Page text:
A lot or a little?
The parents' guide to what's in this movie.
What parents need to know
Parents need to know that four centuries haven't diminished the relevance of this tragic and brilliantly worded story, in which the examples of two feuding families drive home a fatal point. Still, teens may see the story as a glamorization of suicide and the subject is well worth discussing with them.
What's the story?
Franco Zeffirelli's ambitious production of ROMEO AND JULIET brought Shakespeare to the masses in 1968. He did it not by dumbing the play down, but by casting two talented unknowns, Leonard Whiting and Olivia Hussey (ages seventeen and fifteen, respectively) as the leads. Much like Titanic would thirty years later, Romeo and Juliet struck a chord with teenagers, who found its beautiful young stars' urgency and tragic plight irresistible. Shot in Italy, Zeffirelli's faithful production of the tragedy also features a very young Michael York as Tybalt.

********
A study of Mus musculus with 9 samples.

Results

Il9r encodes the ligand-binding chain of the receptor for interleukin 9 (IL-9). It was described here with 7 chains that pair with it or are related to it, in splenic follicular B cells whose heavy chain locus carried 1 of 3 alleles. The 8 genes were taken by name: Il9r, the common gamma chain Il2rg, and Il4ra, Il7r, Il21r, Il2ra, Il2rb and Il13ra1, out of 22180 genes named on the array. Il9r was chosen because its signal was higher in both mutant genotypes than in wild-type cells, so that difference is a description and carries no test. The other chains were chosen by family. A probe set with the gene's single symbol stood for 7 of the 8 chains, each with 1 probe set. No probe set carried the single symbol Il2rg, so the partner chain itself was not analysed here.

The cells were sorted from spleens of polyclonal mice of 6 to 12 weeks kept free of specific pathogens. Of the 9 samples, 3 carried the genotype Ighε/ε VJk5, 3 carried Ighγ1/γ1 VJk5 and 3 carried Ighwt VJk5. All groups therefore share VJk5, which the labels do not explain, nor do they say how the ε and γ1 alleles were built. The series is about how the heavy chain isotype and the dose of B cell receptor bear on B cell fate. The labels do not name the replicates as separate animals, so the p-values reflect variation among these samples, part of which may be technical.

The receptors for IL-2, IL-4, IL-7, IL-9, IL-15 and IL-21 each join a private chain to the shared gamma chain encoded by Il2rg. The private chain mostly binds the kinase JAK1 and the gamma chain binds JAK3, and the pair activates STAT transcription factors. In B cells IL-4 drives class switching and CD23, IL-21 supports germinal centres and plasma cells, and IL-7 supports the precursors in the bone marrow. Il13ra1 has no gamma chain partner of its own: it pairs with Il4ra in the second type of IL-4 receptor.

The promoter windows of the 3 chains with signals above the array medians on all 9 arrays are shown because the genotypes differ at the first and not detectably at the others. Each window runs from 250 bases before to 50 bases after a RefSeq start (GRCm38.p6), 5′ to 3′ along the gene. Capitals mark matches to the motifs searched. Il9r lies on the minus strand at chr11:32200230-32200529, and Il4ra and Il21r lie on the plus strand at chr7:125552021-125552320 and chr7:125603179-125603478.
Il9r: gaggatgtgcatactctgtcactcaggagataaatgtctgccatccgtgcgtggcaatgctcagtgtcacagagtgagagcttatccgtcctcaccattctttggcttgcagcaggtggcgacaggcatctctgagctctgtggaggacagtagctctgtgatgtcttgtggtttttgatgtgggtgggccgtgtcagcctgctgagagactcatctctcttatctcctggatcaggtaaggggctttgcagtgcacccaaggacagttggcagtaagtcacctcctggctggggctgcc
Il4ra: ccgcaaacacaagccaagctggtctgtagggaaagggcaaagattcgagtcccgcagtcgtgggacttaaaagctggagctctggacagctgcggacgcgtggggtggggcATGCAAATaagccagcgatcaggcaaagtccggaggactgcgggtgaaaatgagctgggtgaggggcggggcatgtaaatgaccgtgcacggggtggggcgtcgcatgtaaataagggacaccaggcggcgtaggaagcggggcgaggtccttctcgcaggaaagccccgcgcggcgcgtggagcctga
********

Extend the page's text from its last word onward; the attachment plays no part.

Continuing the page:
Is it any good?
Zefirelli's performers breathe understanding into every ornate phrase, translating the sixteenth-century prose into something fresh and modern. This stands in stark contrast to the peculiar travesty Romeo + Juliet, in which Leonardo DiCaprio and others spew Shakespeare's lines without understanding them,
When Romeo first spies Juliet, you believe--even before he speaks--that he's irreparably in love. Their balcony scene is wonderfully passionate, and the finale all the more potent for Laurence Olivier's uncredited narration. (But a cautionary note to parents: Teens may see the story as a glamorization of suicide and the subject is well worth discussing with them.)